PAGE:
The history of bone broth is deep and rich, going back to our prehistoric ancestors. In a time when a successful hunt was rare, it is of no surprise our ancestors heeded the guidance of four legged hunters and found ways to access and use the bone marrow. Rather than sharp teeth and bite force, they used fire and water.
Bone marrow is a power house. Packed full of vitamins, minerals and heavy hitters like glycine. An amino acid used for building proteins that then serve a multitude of uses from growth and maintenance of tissues to making hormones. Or glucosamine, a compound that helps keep cartilage around bones and joints healthy. Many people take these as a daily supplement, but like so many instances, the body takes in and uses these much more efficiently in a biocompatible form, like bone broth, rather than as lab creations.
The name bone broth can be a bit misleading because its often used interchangeably with stock, a gelatinous mass at room temperature, like homemade bullion. If you don’t end up with a gelatinous mass, what you have is true broth and it still has wonderful flavor and nutritional value.
There’s no wrong or right bones to use. Most of the time I save our scraps, rib bones, chicken bones, from pork chops, rabbit bones, you name it. Those holiday bird carcasses are perfect for this so don’t
throw them out! I keep them bagged up in the freezer until I have enough for a batch. A batch for me is what I can fit into my crock pot. I like using the slow cooker because this way if I have errands to run,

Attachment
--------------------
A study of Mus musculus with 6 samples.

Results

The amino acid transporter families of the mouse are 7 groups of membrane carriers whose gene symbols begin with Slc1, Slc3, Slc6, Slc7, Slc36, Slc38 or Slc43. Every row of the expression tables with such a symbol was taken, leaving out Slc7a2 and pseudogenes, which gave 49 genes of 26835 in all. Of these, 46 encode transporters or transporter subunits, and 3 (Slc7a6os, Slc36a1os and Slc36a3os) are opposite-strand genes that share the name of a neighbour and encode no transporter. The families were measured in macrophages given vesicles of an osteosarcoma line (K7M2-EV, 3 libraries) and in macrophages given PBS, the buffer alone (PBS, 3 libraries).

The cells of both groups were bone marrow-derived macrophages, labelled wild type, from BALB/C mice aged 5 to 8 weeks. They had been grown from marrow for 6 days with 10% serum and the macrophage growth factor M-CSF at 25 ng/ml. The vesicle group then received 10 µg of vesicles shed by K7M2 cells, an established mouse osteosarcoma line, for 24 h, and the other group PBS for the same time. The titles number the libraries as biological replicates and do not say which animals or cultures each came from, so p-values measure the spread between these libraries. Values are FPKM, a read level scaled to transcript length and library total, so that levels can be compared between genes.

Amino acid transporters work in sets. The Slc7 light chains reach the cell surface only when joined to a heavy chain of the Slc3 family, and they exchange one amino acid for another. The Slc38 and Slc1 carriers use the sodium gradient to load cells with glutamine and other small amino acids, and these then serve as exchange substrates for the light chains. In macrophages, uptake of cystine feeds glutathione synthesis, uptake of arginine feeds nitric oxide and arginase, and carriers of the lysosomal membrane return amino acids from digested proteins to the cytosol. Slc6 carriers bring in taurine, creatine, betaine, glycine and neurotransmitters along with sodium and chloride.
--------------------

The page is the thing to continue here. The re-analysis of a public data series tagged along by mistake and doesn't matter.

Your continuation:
the bones can be left to cook without any second thoughts.
I roast my bones in the broiler for 30-45 minutes. Ask ten different people how long to roast them, and you’ll get ten different answers. Some folks suggest taking a hammer to your bones after roasting. I
personally don’t need bone slivers flying around with a toddler that seems insistent on putting anything in her mouth. Neither the heat, or the smashing of bones is needed, it just helps to expose the marrow
and lessen the cook time.
Afterwards they get tossed into the slow cooker and filled with water and a splash of apple cider vinegar. The vinegar will also help to soften the bones. As I said, there’s no wrong or right recipe, if you want to add vegetables feel free to do so. I keep it simple and just use the bones. Then it’s just a matter of letting them boil.
So how do we know when it’s finished? What you’re looking for is a deep golden color. But it really is up to you. These were after 48 hours of boiling. I start the clock after the water begins to boil, in my crock
pot that takes about four hours.
The bones are still quite hard so I’ll boil them again. Most bones will go through a few boiling’s. You know the bones have given up all their goodies when they go soft.
The last batch may begin to look thin, but it’s still well worth the time and effort. As with any food source, its nutritional value depends a great deal on the way it was raised. But that’s all there is to it. You can either pressure can the broth, freeze it, or turn it into pocket soup. If you’re interested in pocket soup, stay tuned!